What is nutrition 2.0? How could a strategic use of nutrients reduce disease incidents, improve reproductive success, and give carryover milk benefits on dairy farms?
Learn more about nutrients as medicine with Dr. Barry Bradford.
Our guest - Dr. Barry Bradford
Dr. Barry Bradford completed a doctorate in animal nutrition at Michigan State University and served at Kansas State University for 13 years. In 2020, he returned to Michigan State University as the Clint Meadows Chair in Dairy Management. His research focuses on dairy cattle nutrition and metabolism, with a particular emphasis on attempting to translate novel findings in fundamental metabolic physiology to practical applications in animal agriculture.
01:10:00 – Your shared with me a paper you wrote in 2016 that talked about the nutrition 2.0. Can you explain a little bit more of what you mean by it?
We’re referring to a new generation of understanding nutrients and how we should feed them. With the discovery in the Human Genome project that there are hundreds of sensors in the genome that are apparently designed to sense nutrients and change cell function depending on the concentration of nutrients, we now have a whole different way that nutrients can affect the body. The new factors just open up a whole different way of thinking about using nutrients to change animal biology.
03:04:00 – Can you expand a bit more on some specific examples of nutrients that might impact cellular function?
Every single class of nutrients, minerals, vitamins, proteins, carbohydrates have this potential effect. One that we could dig into a little bit is beta hydroxybutyrate. It’s a metabolite that we’re really interested in, and it’s what gets elevated during ketosis. Dr. Bradford explains how it impacts the cows, and the studies in progress about it.
05:22:00 – How could dairy producers utilize those concepts or how should they be thinking about it?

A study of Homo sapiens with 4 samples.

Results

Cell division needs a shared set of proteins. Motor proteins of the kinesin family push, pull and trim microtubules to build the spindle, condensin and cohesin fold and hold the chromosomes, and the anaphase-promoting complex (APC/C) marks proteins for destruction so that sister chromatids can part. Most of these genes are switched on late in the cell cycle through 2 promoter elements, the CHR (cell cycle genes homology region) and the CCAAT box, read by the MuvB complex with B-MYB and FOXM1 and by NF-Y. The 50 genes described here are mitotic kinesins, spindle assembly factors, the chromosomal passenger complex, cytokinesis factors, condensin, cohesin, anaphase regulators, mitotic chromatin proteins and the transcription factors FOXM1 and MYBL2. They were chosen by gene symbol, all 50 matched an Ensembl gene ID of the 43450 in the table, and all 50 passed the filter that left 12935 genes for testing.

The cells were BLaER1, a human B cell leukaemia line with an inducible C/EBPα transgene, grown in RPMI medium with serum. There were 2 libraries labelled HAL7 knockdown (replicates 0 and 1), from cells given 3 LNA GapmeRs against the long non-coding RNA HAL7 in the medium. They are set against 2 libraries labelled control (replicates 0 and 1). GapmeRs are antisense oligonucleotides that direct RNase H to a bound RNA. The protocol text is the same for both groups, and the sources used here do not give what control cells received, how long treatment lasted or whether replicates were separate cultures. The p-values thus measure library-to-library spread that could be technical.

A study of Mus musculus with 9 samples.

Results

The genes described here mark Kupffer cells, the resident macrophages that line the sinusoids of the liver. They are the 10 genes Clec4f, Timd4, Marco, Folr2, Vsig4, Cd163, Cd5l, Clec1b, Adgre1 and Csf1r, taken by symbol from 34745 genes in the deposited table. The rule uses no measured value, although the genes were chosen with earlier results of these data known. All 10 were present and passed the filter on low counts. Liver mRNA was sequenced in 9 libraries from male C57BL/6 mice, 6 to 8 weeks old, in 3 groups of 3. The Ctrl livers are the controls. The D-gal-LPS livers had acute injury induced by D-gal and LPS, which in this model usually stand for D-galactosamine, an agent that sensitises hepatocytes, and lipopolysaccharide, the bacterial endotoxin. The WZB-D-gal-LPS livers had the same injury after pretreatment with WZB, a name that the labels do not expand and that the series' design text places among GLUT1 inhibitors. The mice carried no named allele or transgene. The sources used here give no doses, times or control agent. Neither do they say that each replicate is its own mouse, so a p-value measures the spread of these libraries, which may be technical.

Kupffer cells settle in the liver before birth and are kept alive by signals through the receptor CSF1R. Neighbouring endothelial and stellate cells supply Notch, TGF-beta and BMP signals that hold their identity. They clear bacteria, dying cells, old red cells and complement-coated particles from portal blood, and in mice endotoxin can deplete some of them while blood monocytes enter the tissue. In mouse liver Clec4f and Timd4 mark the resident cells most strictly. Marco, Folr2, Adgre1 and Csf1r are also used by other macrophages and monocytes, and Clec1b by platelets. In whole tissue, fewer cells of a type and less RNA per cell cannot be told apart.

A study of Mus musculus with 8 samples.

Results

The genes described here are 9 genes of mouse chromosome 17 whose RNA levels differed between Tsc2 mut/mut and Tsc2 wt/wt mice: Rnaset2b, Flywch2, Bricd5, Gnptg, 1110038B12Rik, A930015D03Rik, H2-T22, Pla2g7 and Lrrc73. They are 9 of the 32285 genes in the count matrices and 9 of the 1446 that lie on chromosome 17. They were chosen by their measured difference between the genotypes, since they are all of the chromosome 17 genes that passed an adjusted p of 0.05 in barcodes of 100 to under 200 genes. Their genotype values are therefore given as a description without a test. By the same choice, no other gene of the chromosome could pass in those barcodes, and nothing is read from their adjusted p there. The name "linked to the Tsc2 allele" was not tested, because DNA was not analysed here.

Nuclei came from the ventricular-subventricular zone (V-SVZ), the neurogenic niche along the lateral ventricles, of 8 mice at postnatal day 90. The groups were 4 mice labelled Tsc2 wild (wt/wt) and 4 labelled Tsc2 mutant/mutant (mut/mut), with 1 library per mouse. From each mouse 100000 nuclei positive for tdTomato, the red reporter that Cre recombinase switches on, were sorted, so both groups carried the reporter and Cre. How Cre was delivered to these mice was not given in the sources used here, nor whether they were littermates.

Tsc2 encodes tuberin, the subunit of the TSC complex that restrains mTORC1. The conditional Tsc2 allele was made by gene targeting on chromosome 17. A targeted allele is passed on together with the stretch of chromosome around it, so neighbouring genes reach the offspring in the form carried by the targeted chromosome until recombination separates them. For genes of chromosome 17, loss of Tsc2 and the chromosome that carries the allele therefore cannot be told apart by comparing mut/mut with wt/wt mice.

Dr. Bradford explains that the shifts in weather patterns are explored, along with how we could adapt the minerals fed accordingly. There may also be nutritional strategies that could be applied to target fresh cows and high-risk cows instead of the whole herd.
Folic acid is a neat example of a nutrient that has great effects, as studies on mice showed that males that are folic acid deficient will actually confer potentially birth defects on offspring.
What experts are working on now will change how we do things over the next number of years.
9:19:00 – How should nutritionists and dairy producers approach thinking about nutrition 2.0?
In a competitive commodity business like dairy, people are looking at every penny, and they have to. Focusing on transition cows is a good way to apply nutrition 2.0 principles, as we know from a lot of research that it can prevent major train wrecks for a 2-week window. The carryover benefits are massive.
We did a study where we fed a phytochemical intended to be an antioxidant and anti-inflammatory for just the first 60 days of lactation. The carryover effects lasted through 300 days of milk. If you do the math, it’s profitable. You actually reduce disease incidents, potentially improve reproductive success, and have carryover milk benefits.